Time Up For Last Time Buyers?
Published 2 October 2015
A fascinating report from Legal & General entitled ‘Last Time Buyers’ has opened up a debate about the inefficient way we are using our housing stock – and in a county where we have an older demographic, it is particularly relevant, says Clive Hedges.
The report shows that the over-55s living in larger homes are sitting on 7.7 million unused bedrooms – equivalent to more than 2.5 million three-bedroom homes. It suggests that more could be done to ensure we are building suitable homes for older people to downsize into, to help free up this spare capacity.
Now, I am emphatically not suggesting that there should be any compulsion – or indeed pressure – on older people to downsize. They have worked hard to buy their homes, and they have every right to stay in them if they wish. But for those who want to downsize, would it not make sense to provide practical support to help them?
The barriers are not necessarily financial, given that downsizing will inevitably free up money tied up in a larger property. But in addition to the problem of finding a suitable property near friends and family, many older people find the hassle of moving intimidating, and it is perhaps for this reason that although research shows almost a third of older people have considered downsizing, only seven percent have actually done so.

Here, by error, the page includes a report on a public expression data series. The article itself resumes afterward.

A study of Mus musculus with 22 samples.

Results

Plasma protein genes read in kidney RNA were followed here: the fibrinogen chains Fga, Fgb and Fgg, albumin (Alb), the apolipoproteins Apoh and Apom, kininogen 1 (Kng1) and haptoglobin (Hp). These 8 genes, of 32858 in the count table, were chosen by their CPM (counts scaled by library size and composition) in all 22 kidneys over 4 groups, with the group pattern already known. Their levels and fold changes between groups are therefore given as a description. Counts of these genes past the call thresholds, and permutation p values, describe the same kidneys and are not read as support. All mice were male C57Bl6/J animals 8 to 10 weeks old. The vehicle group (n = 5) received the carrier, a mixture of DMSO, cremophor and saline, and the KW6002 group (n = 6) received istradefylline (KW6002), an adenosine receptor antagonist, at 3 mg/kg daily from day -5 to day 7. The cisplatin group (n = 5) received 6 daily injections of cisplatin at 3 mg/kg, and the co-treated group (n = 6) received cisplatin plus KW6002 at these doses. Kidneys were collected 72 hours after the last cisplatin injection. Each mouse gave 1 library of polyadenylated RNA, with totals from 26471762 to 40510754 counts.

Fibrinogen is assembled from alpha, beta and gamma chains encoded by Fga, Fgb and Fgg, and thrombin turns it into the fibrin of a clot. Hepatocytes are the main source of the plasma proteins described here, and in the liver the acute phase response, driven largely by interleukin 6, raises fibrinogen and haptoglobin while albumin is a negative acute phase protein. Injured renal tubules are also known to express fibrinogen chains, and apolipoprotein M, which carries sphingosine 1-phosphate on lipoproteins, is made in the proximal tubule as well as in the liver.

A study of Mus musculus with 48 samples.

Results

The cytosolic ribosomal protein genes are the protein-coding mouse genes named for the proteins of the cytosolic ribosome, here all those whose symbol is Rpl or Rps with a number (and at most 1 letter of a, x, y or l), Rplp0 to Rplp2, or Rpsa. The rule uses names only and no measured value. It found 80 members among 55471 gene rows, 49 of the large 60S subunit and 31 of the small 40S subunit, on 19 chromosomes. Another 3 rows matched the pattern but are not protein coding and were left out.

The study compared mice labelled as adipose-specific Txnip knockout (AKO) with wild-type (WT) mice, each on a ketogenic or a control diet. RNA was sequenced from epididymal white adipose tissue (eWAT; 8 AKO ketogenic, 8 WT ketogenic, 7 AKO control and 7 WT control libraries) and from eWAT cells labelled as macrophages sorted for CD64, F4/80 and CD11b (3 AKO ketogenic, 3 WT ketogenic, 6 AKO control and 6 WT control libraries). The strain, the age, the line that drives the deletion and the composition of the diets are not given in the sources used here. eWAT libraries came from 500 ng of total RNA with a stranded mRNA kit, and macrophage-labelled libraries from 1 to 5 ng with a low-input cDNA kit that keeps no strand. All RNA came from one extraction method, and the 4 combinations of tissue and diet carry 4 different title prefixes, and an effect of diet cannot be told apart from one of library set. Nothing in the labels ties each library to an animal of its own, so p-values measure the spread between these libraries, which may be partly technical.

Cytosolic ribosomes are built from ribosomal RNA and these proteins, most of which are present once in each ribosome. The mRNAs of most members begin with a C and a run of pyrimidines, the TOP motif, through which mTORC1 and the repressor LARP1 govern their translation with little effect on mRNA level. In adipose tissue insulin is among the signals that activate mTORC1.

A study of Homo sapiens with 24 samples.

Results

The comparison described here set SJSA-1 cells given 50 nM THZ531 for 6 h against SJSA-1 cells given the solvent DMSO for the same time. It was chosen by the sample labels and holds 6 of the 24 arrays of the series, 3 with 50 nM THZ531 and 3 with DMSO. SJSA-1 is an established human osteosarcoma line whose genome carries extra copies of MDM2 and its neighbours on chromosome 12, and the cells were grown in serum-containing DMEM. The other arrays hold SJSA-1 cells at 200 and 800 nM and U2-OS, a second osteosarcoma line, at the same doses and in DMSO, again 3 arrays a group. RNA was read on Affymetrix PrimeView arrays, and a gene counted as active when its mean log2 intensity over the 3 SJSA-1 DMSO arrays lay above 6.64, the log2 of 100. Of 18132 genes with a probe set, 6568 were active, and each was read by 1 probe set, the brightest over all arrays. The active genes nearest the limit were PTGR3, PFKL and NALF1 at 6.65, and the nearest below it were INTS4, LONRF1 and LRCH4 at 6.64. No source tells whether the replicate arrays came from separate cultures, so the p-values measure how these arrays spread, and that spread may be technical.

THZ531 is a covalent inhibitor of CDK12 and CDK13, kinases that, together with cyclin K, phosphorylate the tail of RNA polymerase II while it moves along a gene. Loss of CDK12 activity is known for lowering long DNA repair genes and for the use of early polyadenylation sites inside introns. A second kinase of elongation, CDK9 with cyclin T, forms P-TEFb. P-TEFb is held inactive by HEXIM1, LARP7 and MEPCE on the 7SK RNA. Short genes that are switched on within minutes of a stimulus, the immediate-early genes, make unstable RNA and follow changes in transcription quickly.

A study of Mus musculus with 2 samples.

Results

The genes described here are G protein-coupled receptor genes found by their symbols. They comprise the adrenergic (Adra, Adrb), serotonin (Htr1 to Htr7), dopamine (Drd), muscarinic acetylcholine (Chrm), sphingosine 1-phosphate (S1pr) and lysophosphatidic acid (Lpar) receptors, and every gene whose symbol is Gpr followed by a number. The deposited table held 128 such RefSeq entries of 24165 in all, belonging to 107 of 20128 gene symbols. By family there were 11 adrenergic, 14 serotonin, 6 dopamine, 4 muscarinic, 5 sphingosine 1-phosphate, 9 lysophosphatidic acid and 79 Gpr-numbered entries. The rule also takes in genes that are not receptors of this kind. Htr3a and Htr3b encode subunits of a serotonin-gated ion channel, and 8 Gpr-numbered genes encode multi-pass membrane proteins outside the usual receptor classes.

There have been suggestions that there should be financial incentives to encourage them to do so, but I think that misses the point. What is really needed is a service that provides practical support – perhaps organizing removals companies, hand-holding through the sales process, helping older people find suitable smaller homes.
This of course will cost money, which at a time when local authorities are being squeezed even to provide the basics, is not readily available. But the advantages are enormous: freeing up homes for larger households, and using our stock of housing more efficiently.
Another big advantage is that downsizing will free up cash for older people themselves. They might use this money to ensure they can live independently with dignity – or they might use it to help their children and grandchildren get on the property ladder, or take a step up it. Both of these outcomes are good news for the wider economy, and for public finances. So perhaps the cost of helping them to downsize would be a good investment for the country as a whole.
A good proportion of older people will want to stay in the homes they have worked hard all their lives for, and that’s fine. But if we can assist those who would like to downsize to do so, there are some big advantages in doing so, and it might just be an effective and cost-efficient way of tackling our chronic housing shortage.